15th November 2020

posted 16 Nov 2020, 00:56 by Parish Office   [ updated 16 Nov 2020, 01:01 ]
Homily for the Thirty-third Sunday in Ordinary Time, Year A – World Day of the Poor (15/11/20)


A few months ago we were looking at how there are different layers of meaning within the Scriptures. Besides the purely literal meaning, there is also the eschatological meaning – in plain English, what this text has to say about Christ’s return in glory. We also noted how Our Lord’s parables are designed to refer to Him, which is why occasionally some of the details don’t always reflect life as we would expect it. So today, we have the man who went off abroad, and didn’t return for a long time. When he did return, then it was the time of reckoning for his servants. Well, surprise, surprise, as we get closer to the start of Advent, the readings turn towards the theme of Christ’s return in glory, and in this parable, Jesus is the Man who “goes off abroad” – not just to a distant country, but to heaven, and is then to return “a long time after”.

There’s also another detail and key to this parable, and the other parables Our Lord gives us. The master is always the honest one, who doesn’t try to deceive, whilst some of the other characters do. So when we come to the man
with the one talent, who says, “Sir, ... I had heard you were a hard man, reaping where you have not sown and gathering where you have not scattered” there are at least two things going on here. Firstly, he is trying to make up
excuses, and the master, Christ, has no time for them. Secondly, though, the man with the one talent is giving a distorted image of God – the inflexible headmaster, where you’re always in trouble no matter what you do – so why bother trying? You’re going to get a beating anyway. That’s not what God is like. Sometimes we need to purge ourselves of our own misconceptions of God and be reliably informed by what Christ has revealed.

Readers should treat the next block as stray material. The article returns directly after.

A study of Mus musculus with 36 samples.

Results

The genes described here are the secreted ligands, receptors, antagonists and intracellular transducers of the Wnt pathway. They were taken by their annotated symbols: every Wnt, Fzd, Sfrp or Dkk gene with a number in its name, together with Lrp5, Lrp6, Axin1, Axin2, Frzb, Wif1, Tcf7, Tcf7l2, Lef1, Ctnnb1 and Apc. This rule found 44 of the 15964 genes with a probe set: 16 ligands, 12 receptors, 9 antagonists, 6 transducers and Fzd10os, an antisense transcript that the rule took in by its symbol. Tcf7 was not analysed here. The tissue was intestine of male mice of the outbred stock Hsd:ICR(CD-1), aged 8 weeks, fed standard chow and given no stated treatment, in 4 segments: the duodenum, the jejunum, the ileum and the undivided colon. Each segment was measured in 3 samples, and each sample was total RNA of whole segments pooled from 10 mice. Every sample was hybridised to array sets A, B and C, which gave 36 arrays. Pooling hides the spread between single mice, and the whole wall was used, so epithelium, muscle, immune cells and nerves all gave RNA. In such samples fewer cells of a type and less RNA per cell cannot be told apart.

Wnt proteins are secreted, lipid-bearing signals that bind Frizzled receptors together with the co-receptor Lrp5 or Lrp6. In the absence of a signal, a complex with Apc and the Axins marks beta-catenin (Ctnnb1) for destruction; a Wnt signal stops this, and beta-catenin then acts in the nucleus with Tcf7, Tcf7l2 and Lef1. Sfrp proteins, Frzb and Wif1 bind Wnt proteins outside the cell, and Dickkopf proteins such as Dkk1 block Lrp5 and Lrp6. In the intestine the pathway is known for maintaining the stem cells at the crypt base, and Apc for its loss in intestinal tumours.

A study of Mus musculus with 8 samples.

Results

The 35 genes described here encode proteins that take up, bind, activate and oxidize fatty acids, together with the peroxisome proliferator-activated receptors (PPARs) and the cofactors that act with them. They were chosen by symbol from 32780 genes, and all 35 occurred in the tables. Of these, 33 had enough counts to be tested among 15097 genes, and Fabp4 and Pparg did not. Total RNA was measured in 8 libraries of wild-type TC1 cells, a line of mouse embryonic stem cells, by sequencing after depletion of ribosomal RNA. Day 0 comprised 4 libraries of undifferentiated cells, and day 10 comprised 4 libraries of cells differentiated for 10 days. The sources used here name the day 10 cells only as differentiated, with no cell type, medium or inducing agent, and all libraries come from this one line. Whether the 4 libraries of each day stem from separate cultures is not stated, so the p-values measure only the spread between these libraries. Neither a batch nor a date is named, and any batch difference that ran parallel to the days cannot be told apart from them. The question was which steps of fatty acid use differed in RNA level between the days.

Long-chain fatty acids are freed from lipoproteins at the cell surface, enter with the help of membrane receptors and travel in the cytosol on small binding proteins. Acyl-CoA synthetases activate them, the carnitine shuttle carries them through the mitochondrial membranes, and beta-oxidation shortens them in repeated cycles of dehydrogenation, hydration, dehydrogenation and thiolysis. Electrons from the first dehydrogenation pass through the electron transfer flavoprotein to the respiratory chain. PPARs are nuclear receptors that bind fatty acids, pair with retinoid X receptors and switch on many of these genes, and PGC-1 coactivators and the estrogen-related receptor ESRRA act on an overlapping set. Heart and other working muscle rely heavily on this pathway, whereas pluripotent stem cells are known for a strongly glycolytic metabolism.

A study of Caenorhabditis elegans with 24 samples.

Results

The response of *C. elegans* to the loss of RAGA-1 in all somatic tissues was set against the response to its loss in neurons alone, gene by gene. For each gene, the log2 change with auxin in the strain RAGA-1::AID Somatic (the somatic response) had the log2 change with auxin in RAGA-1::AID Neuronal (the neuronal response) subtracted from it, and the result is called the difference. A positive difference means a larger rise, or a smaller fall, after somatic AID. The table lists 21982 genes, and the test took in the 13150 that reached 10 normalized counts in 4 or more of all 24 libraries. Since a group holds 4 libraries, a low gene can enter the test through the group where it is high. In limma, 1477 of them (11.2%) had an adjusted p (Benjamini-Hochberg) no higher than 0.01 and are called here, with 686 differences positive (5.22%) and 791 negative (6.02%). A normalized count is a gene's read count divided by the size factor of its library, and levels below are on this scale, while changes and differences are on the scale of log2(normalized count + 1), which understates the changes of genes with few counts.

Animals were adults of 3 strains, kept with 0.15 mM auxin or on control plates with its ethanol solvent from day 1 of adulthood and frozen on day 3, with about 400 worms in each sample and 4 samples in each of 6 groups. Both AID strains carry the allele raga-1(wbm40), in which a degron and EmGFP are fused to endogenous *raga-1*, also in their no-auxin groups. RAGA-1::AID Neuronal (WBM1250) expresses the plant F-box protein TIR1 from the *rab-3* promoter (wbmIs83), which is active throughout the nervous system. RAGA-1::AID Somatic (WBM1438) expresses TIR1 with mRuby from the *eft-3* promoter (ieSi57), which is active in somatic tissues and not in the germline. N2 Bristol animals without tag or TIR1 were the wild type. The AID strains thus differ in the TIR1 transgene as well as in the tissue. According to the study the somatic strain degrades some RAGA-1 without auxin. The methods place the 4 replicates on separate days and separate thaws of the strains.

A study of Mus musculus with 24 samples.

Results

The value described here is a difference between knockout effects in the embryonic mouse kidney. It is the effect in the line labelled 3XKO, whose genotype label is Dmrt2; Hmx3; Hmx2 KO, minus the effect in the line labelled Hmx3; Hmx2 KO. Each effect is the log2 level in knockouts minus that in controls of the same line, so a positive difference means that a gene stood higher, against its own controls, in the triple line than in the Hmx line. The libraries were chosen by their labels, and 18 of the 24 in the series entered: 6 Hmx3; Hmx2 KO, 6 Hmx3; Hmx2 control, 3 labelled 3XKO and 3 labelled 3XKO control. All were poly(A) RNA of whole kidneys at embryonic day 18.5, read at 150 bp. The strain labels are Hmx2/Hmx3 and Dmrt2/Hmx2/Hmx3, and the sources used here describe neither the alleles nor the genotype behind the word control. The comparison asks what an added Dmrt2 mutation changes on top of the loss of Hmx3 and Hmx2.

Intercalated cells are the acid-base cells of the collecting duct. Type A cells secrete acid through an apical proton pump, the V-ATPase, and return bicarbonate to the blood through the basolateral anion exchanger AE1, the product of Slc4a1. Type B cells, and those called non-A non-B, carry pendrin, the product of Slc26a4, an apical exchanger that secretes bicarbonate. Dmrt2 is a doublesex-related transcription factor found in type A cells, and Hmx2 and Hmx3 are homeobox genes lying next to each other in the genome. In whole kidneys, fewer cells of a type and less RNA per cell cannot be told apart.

Moving to the more literal understanding of the text, good financial management is also a lesson here. Remember that it is the love of money which is the root of all evil, not money itself – money can be used as a tool to
further the kingdom of God. It’s when money becomes the master that it shows itself to be a cruel tyrant. In Luke 16:11-12, Our Lord says: “If then you cannot be trusted with money, that tainted thing, who will trust you with genuine riches? And if you cannot be trusted with what is not yours, who will give you your very own?” 

It’s quite a startling message, when you take it seriously! Firstly, more obviously, our being given riches by Christ is a test, to see if we can be trusted with the proper riches of heaven. Secondly, the riches are not our own – they have been given to us by God. We don’t have absolute ownership over them. We are to use our riches to help people in need. That’s not an optional extra – it’s a demand of our faith. Do we trade our talents by investing them in the poor and those in need? Now, of course, charity begins at home. If, say, a father wastes all his money on gambling, which means that there is nothing left to spend on his family, then there is a serious problem. If a mother were to spend all her money buying excessive amounts of clothes for herself, and neglecting her children, there would be a problem as well. So charity begins at home. We have to look after those closest to us. I think that point is fairly obvious. But we also, as Christians, have to think of the wider Church family and the wider family of the world. We can’t expect to single-handedly solve all the world’s problems, or all the problems in the Church. But we can do something, and sometimes it might be that we don’t have the money, but we do have a bit of time that we can spend in helping those in need. That can be a different sort of investment for the sake of the kingdom of God, changing the world around us for the better.

The first two servants in the parable invested their master’s money and doubled it. If we look at the Scripture reference for the first reading, you’ll spot that it has been shortened. If you look at the rest of the chapter, it gives the example of the industrious woman, who organises her servants, buys a field, plants a vineyard, joins in with the work and works long hours to provide for the family. She also gives good advice and assists those who are poor and needy. That’s another example of investing the master’s money and making a good return, and being a good example and being held in high esteem by the neighbourhood. 

As we head towards Advent, our readings turn towards the return of Christ in glory. Will we be ready? How are we investing the money, the time and the gifts that God has given us? How are we caring for our families, the Church, the wider world, the poor and those in need? Money is to be a servant, not our master: our true master is Christ. Our money has been given to us by God, to further His kingdom and as a test to see if we can be trusted with real riches. May we pass the test with flying colours, and be a shining example of what is possible, in the Lord.